Adultery and Divorce in the 1960s: Reading and Contextualizing “To Room Nineteen”
In Doris Lessing’s short story, “To Room Nineteen” Susan and Matthew Rawling seem to be the perfect couple, until Matthew begins to have affairs and Susan is left alone to her own thoughts and eventually goes mad and kills herself. An underlying theme that Lessing could be hinting at is how adultery affects a marriage. During the 1960s, divorce was becoming a more prevalent solution to marital issues. By collecting historical information and considering the characters in this story, it can be assumed that Lessing believed that divorce was a suitable solution for some marriages.
During the 1960s, divorce was considered to be a widespread tragedy in London. Laws about divorce were made and it was said that a couple may only get divorced if it were “irretrievably broken down.” According to the London Times article, “Breakdown or Offences” there were three different ways a marriage could be considered broken down: “desertion for a continuous period of at least two years; separation for at least two years when both parties agree to a divorce; separation for at least five years when there is no such agreement”. This suggests that if a couple were in any of these three situations, their marriage was undoubtedly broken down. However, This article also argues that there are other reasons that people should be able to easily obtain a divorce, for instance, adultery, this is considered an “offense” according to this article. During this time, “adultery is one of the surest legal grounds for divorce,” however, this article also makes the assertion that adultery cannot always be proven, and this is an easy way for people to easily get a divorce on “fictitious” allegations. In 1969, an article called “Divorce on Demand” was published in the London Times, this article argues against the idea that “one isolated instance of adultery is evidence that a marriage is finished, and even worse so to broaden the definition of cruelty that it could be interpreted to mean simple incompatibility.” This article argues the point that adultery should not be a reason for divorce (at least not a single-time offense) because this could mean that the people simply weren’t compatible for each other, but it was difficult for them to obtain a divorce, so they were forced to become unfaithful to their spouses.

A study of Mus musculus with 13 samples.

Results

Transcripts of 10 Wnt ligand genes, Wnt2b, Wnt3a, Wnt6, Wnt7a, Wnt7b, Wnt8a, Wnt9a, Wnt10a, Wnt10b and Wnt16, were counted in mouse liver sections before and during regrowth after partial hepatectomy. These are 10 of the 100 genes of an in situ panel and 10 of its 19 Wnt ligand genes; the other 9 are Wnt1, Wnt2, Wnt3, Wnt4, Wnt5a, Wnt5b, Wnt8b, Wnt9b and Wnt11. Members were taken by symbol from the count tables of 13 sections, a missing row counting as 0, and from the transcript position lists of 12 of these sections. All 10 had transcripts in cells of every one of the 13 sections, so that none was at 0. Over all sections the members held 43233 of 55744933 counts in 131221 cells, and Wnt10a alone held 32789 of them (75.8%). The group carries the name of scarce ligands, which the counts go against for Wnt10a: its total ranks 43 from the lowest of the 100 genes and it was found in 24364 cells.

In “To Room Nineteen” Susan Rawling’s husband Matthew is unfaithful to their marriage, and instead of divorcing, Susan decides to stay with Matthew, during which, she eventually goes insane and commits suicide. Throughout the story, Susan justifies Matthew’s affairs with the argument that monogamy is unrealistic. One instance of this is Susan and Matthew even joking, saying “Of course I’m not going to to be faithful to you, no one can be faithful to one person for a whole lifetime,” (Lessing). This is significant because Susan doesn’t seem to be bothered by Matthew’s unfaithfulness, but as time passes the loneliness consumes her and drives her mad.
Towards the end of the story, Susan tries to convince Matthew that she had been unfaithful to him in order to make him relate to how she is feeling, but this quickly backfires and only causes Susan more strife. When telling Matthew about her fictitious lover, Michael, he seems unfazed and offers to join them on a date, to which Susan thinks, “Of course, she said to herself, of course he would be bound to say that. If one is sensible, if one is reasonable, if one never allows oneself a base thought or an envious emotion, naturally one says: Let’s make a foursome!” (Lessing). This allows Susan to come to the realization that Matthew understands that monogamy is unrealistic. By using the phrase “if one is sensible, if one is reasonable,” Lessing is suggesting that jealousy is an absurd feeling to have, and if a person was smart they wouldn’t invest in their envious emotions.
It is thus critical to consider Susan Rawling’s not divorcing Matthew Rawlings as a warning to people who in unfaithful marriages. Lessing makes the point that Susan, who only wanted to be with Matthew for the rest of her life, is the one who goes mad in the end. Instead of divorcing him, she tried to salvage what she had and was unsuccessful doing so.
“Breakdown Or Offences.” Times [London, England] 16 Jan. 1968: 9. The Times Digital Archive. Web. 14 Nov. 2017. “Court Circular.” Times [London, England] 12 May 1949: 7. The Times Digital Archive. Web. 14 Nov. 2017. “Divorce On Demand.” Times [London, England] 2 July 1969: 9. The Times Digital Archive. Web. 14 Nov. 2017. Lessing, Doris. “To Room Nineteen” The Norton Anthology of English Literature. 9th ed. Eds. Jahan Ramazani, Jon Stallworthy et al. Vol F. New York, NY, London, ENG: W.W. Norton & Company, Inc., 2012. 2759-2780. Print.